La Salle’s last game in the NCAA

It has been twenty two  years since De La Salle University became a resident of the Universities Athletic Association of the Philippines (UAAP). And in a span of a decade and a half, the mighty Green Archers have been a perennial fixture in the finals and have snagged seven  UAAP men’s basketball titles to the dismay of rival universities.

Older people could remember that before De La Salle’s fruitful tenure in the UAAP, it has also dominated in the oldest collegiate league in the country, the National Collegiate Athletic Association (NCAA). But not too many know the reason why La Salle decided to leave the NCAA and pack its bags for the UAAP.

On August 17, 1980, La Salle tangled with Letran in a basketball tiff at the Rizal Coliseum. Students from both universities were at their barbaric best, taunting each other even before the tip-off.

Physical play was apparent. The affair turned ugly when Letran, leading 22-18, called a time-out in the middle of the first half.

All that taunting led to an altercation in the bleacher section between the supporters of both schools.

The fracas started when a Letran student was ganged up and beaten by La Salle students, igniting a riot. Fans inside the arena began to throw objects into the hardcourt and sporadic clashes erupted in the stands.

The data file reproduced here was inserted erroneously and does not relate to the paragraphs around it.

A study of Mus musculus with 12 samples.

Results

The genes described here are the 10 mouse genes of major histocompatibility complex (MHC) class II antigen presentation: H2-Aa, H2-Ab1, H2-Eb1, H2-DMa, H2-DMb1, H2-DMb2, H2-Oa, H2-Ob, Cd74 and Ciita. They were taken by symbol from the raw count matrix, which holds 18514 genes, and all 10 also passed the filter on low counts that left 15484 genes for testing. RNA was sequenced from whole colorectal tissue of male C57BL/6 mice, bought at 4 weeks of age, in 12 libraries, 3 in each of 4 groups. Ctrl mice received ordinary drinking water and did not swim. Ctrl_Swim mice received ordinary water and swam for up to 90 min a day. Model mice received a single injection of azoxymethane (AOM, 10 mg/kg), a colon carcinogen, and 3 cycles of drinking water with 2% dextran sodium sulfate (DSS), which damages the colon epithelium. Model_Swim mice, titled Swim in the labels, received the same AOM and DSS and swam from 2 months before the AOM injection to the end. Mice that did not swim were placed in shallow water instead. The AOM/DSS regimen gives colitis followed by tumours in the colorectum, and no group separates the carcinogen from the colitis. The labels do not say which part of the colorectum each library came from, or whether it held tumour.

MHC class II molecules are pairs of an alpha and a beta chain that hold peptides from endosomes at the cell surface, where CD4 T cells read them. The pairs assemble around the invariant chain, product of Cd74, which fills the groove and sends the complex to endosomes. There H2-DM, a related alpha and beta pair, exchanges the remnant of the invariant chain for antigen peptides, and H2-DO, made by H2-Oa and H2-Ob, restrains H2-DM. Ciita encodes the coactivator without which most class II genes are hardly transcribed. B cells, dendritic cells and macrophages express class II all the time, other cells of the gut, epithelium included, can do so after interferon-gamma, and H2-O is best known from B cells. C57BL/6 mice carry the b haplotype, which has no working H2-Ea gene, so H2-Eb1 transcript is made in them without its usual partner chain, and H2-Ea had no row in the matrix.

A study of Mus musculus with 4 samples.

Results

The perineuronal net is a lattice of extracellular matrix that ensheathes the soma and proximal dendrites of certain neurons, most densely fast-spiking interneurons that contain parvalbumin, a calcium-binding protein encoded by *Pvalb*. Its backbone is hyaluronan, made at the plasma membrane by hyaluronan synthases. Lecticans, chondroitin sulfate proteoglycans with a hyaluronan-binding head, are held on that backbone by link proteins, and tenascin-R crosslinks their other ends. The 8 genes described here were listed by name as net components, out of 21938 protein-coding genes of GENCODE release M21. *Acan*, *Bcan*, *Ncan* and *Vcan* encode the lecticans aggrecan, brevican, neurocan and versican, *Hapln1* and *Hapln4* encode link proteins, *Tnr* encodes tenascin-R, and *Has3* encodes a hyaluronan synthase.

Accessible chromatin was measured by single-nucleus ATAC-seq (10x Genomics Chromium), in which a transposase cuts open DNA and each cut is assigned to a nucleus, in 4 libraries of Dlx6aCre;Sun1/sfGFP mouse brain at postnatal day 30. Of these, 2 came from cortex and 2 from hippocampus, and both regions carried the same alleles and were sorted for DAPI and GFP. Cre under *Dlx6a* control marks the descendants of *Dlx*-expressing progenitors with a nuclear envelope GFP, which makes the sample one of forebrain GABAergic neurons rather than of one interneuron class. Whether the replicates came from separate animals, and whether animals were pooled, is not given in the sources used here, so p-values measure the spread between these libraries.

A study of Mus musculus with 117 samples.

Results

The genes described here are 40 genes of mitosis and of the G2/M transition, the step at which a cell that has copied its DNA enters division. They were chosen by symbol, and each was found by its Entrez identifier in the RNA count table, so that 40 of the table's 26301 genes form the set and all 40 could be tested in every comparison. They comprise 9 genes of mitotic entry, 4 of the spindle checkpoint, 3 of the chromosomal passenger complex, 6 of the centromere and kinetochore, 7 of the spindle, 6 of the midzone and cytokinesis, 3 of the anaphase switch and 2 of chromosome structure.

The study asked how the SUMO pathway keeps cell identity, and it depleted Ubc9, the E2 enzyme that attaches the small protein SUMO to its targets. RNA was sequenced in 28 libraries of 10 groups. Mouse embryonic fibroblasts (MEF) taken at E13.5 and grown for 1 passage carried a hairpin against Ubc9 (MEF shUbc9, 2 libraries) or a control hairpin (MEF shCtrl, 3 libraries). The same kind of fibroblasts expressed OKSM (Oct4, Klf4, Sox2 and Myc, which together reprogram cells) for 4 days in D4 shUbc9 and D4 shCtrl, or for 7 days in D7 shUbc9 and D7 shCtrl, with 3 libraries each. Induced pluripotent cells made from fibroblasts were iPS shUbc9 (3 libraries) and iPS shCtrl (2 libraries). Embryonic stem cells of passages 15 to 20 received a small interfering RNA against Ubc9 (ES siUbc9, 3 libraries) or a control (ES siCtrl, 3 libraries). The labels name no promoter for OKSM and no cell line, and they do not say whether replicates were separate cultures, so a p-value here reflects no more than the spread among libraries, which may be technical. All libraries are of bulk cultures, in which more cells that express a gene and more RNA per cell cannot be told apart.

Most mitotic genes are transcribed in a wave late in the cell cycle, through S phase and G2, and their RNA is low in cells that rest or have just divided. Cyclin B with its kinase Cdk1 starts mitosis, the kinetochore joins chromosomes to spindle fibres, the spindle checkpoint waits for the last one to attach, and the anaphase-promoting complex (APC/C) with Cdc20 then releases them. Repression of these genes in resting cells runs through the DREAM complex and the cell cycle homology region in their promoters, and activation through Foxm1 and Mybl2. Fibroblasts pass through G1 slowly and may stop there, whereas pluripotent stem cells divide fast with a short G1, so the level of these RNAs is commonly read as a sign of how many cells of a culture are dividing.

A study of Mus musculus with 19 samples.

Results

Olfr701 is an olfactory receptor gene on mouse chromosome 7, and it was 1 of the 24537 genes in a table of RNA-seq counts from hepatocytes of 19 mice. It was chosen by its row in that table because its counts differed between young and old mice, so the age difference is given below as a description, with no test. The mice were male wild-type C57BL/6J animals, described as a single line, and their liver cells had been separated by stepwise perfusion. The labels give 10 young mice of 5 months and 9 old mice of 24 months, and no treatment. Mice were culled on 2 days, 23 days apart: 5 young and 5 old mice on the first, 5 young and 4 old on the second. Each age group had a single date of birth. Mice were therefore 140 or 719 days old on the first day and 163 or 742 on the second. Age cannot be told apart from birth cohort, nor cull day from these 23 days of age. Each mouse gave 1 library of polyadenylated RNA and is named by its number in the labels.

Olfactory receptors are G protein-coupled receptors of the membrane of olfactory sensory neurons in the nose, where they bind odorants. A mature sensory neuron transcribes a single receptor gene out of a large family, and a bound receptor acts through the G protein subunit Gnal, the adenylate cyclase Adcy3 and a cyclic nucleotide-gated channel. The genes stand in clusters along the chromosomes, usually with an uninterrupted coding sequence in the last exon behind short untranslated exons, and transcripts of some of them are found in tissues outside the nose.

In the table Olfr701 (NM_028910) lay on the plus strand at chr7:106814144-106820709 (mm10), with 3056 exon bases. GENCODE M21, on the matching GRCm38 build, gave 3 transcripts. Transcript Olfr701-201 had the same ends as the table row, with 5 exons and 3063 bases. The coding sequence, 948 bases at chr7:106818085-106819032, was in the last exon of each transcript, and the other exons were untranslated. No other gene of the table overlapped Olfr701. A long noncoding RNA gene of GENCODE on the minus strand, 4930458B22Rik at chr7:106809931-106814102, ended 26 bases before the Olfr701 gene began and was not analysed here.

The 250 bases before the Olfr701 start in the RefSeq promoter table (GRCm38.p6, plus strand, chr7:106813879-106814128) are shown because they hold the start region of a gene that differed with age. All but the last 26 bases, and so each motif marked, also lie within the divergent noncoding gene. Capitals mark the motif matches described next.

As a result, the players from both teams rushed to the dugouts for safety. So catastrophic was the atmosphere inside the coliseum along Vito Cruz that a large number of spectators were hurt, prompting NCAA officials to call off the game. So serious was the riot that a great portion of the coliseum was damaged.

After deliberation, league honchos considered replaying the game behind closed doors but the Basketball Association of the Philippines (BAP) took matter into its own hands, ordering the NCAA to cancel the remainder of the basketball season.

Thus, no men’s basketball champion will be crowned for 1980. La Salle tried to appeal to the basketball-governing body for the games to resume but to no avail.

That’s why by September of 1980, De La Salle officially withdrew its alliance with the NCAA, fed up with all the uncontrollable violence that was happening. It became the second university to pull out from the league, its archrival Ateneo De Manila being the first.

La Salle then attempted to apply for admission to the UAAP but was rejected by the member schools, most vocal of which were the University of Sto. Tomas (UST) and of course, Ateneo. The Jesuit-run school insisted that La Salle’s entry would only renew the heated rivalry and the games might be blown out of proportion once again.

La Salle then partook in various minor tournaments. But in 1986, De La Salle’s insistence bore fruit, as it was officially accepted as the 8th member of the UAAP.

And the Green Archers immediately buckled down to work, striking fear into the hearts of their opponents upon their entry while establishing themselves as contenders for the title.

And it just took three years for La Salle to regain basketball supremacy, capturing its first UAAP men’s basketball crown in 1989 thanks to main man Zandro “Jun” Limpot at the helm, who got his Most Valuable Player citation to boot.

And the rest, as they say, was history.